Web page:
Welcome to our weekly round-up of all the latest news and research from around the world of search marketing and beyond.
This week, good news for YouTubers but bad news for Vine stars and anyone who wants a bit of privacy.
Twitter kills Vine
Sad news for those with short attention spans, Twitter is killing off Vine, the six second video app it purchased a couple of years ago.
According to a statement, despite discontinuing the app in the coming months, your Vines will still be available.
“You’ll be able to access and download your Vines. We’ll be keeping the website online because we think it’s important to still be able to watch all the incredible Vines that have been made. You will be notified before we make any changes to the app or website.”
On the plus side, Twitter’s been far more entertaining for the last 24 hours than normal. Enjoy it while it lasts.
Bing Ads reveal the most searched Halloween costumes
According to the latest research from Bing Ads, adults are more interested in performing Halloween searches than teenagers, although that may change as teenagers have even less to do on the internet now (see above).
Here’s some more spooky insight:
- 32% of the searches were made from people aged 35-49 and 28% of them were made from people aged 50-64. This is probably the reason why 72% of the searches occurred on PCs, with just 14% of them taking place on both tablet and mobile devices.
- Teens aged 13 to 17 are 473% more likely to search for Pokémon, compared to young adults aged 18 to 24.
- Young adults aged 18 to 24 are 8% more likely to search for Little Mermaid than Deadpool.
- Adults aged 25 to 34 are 10% more likely to search for Deadpool than Little Mermaid.
- Adults aged 35 to 49 are 242% more likely to search for Harry Potter, at least compared to 25-34-year-olds.
- Baby Boomers and Gen Xers aged 50 to 64 are 8% more likely to search for Alice in Wonderland than Pokémon.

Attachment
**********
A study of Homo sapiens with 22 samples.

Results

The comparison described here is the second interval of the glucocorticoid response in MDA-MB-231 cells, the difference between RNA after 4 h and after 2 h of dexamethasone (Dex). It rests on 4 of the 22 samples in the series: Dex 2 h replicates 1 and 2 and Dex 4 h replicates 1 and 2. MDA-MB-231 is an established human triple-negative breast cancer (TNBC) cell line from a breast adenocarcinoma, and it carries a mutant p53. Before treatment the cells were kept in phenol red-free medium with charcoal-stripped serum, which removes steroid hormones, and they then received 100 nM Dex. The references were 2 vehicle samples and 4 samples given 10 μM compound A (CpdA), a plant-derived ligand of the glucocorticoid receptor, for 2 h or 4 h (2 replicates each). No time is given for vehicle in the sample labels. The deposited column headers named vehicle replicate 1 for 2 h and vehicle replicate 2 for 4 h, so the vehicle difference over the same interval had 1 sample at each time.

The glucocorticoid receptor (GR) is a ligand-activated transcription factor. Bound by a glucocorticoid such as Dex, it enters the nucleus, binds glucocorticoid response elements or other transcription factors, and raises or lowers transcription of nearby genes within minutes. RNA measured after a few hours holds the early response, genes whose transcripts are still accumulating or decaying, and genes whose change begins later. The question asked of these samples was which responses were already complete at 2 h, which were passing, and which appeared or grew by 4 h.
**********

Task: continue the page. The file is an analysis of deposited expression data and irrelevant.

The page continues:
- Older Baby Boomers aged over 65 are both likely to search for Five Nights at Freddy’s and Deadpool.
No word as to why nobody in the US dresses as anything remotely terrifying during Halloween. Come on, zombie-up that Little Mermaid costume just for this year!
As detailed by ProPublica, Google “quietly erased [the] last privacy line in the sand” by allowing for data it collects on its services to be combined with DoubleClick.
“We will not combine DoubleClick cookie information with personally identifiable information unless we have your opt-in consent.”
That was replaced with:
“Depending on your account settings, your activity on other sites and apps may be associated with your personal information in order to improve Google’s services and the ads delivered by Google.”
According to ProPublica’s Julia Angwin, “The practical result of the change is that the DoubleClick ads that follow people around on the web may now be customized to them based on your name and other information Google knows about you. It also means that Google could now, if it wished to, build a complete portrait of a user by name, based on everything they write in email, every website they visit and the searches they conduct.”
Bing Ads provides all new campaign creation workflow
Bing Ads has unveiled an all new campaign creation workflow designed to help you optimise search campaigns on its network.
Here’s a brief guide to the new features:
Establish a business goal to guide your campaign’s creation
You can select a marketing goal for your new campaign, which will be used to recommend different features or different defaults to launch your campaigns. Regardless of which goal you choose, your campaign will still have access to all features.
Copy campaign settings & target specific locations
You can now quickly copy the campaign settings from an existing campaign. You can also set up the locations where you want your ads to appear.
Target the right searchers with tailored keyword recommendations
Bing Ads now offers improved keyword suggestions to help you target the right search results. These suggestions can even be based on a URL from your website. For each suggestion, Bing Ads will show how popular, how costly, and how competitive each keyword is.
YouTube rolls out ‘end screens’ for every user
YouTube has announced a new feature that lets you add a thumbnail overlay to the end of your videos, called an end screen.
This is described as a “new mobile-friendly tool that lets you engage viewers right as your video finishes and encourages them to watch more on their devices.”
For the last 5-20 seconds of your video, you can add a thumbnail overlay that tells viewers to watch other videos, subscribe to your channel, visit collaborators’ channels, and more.
This is apparently easier to use than its current desk-top only tool, Annotations.
And to end the round-up, let’s finish with an appropriate end screen of our own.